I was dropped off by the taxi in the dead of night on a deserted street with nothing but walls and two locked gates. Oh, what relief when the gatekeeper came at the sound of my buzzer! He led me in, and to my room, shushing me several times so as not to wake the other sleeping guests with the sounds of my shoes and luggage.
Of all the many many beautiful churches there in Jerusalem, St. George’s was the most beautiful. Both the cathedral and the close. The cathedral is so light and graceful and beautiful it moved me to tears. Many tears of joy and wonder, this week!
The close is white stone and graceful arches and light and windows in the most charming layout imaginable. The flowering vines were all in grand array: bouganvillea in several different colors. Vines with flowers I didn’t recognize: power-blue trumpets dangling from them. Trees laden with limes. Little bushes with ripe pomegranates on them. Olive trees, with olives all over them! The pale green foliage reminds me a little of peach leaf willow.
There is a delightful garden area in the middle of the close. There is a glassed-in walkway surrounding it on about four sides, not at right angles. The walkway approximates the letter ‘C”. The walkways are about seven feet wide, standard porch width. The walkways are panelled with glass to many feet high on the garden side; the rooms of the guest house open to the other side. Large palms and plants live permanently in the walkway, too.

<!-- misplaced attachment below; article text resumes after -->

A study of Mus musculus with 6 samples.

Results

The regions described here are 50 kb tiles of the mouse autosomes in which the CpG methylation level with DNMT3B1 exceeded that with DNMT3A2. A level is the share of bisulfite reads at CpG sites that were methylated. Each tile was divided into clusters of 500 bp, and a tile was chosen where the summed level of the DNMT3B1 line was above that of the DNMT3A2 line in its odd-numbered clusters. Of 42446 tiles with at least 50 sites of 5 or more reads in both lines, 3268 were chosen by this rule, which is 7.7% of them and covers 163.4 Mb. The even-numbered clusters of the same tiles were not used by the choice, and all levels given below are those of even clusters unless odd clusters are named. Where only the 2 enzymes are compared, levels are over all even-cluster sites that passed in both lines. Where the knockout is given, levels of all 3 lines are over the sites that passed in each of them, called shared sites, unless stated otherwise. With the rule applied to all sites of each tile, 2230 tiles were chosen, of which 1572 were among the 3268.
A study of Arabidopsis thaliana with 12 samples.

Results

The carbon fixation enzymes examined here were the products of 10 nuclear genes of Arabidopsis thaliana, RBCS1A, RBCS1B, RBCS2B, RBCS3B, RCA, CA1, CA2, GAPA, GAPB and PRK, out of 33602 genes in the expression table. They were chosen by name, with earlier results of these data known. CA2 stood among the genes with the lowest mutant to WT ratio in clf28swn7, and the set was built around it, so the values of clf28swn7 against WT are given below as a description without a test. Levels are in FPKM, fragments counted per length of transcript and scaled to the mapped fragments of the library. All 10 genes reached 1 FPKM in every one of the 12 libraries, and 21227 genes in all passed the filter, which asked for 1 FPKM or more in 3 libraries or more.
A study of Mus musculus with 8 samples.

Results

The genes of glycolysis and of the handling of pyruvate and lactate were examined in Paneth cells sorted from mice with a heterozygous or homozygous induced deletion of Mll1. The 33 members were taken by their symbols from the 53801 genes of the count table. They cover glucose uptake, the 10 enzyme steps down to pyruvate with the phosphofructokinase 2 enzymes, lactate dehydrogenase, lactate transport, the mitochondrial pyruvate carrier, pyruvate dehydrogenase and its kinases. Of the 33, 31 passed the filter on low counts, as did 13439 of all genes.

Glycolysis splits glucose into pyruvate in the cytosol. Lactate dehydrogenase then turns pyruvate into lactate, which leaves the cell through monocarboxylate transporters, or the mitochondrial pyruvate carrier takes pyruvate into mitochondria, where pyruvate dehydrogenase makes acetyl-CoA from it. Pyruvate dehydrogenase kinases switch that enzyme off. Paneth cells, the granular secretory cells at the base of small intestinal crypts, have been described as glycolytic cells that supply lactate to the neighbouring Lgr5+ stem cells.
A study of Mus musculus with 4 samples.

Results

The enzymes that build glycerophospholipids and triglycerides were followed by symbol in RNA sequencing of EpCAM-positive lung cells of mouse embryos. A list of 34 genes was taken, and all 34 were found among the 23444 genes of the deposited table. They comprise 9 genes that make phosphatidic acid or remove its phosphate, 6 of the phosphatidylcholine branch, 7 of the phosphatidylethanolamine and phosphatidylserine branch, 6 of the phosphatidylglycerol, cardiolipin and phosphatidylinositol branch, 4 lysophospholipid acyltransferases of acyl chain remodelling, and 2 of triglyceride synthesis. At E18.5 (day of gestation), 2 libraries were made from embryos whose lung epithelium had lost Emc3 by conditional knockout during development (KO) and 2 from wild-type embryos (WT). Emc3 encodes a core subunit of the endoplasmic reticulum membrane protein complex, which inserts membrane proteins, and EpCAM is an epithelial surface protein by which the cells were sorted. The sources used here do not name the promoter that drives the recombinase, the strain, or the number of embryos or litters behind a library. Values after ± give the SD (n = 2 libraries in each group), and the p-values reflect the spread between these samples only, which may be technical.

My guest house room was also all stone and arches and light, with a vaulted ceiling, probably 15 – 18 feet high at the top point. Oh so many curves instead of corners here! Just pretty! I tried to take some measurements, in case I ever get to build myself such a room.
There were many other travelers staying at the Guest House there. I met people from England, Scotland, New Zealand, Canada, France, USA. A deacon assigned to the Cathedral was there from Nazareth, as is the Bishop himself.
The Bishop, however, was not there! He had flown to Hawaii for a vacation, the very day I arrived at the Cathedral.
On Sunday morning there are three services: 8 AM, 9:30 AM, 11 AM. The first and last of these two are in English; the 9:30 one is in Arabic. I went to the 8 AM Mass, where the celebrant was a bishop from Africa. Then I went to the 9:30, to listen; I loved how the old-fashioned hymn board, at the front of the church, was stocked with hymn numbers in Arabic. I couldn’t decipher them at all. The people sang with great gusto. There was one man in particular, wearing the red-and-white keffiyah like so many Palestinian men, who belted out the songs the loudest. It was a wonderful sight to see.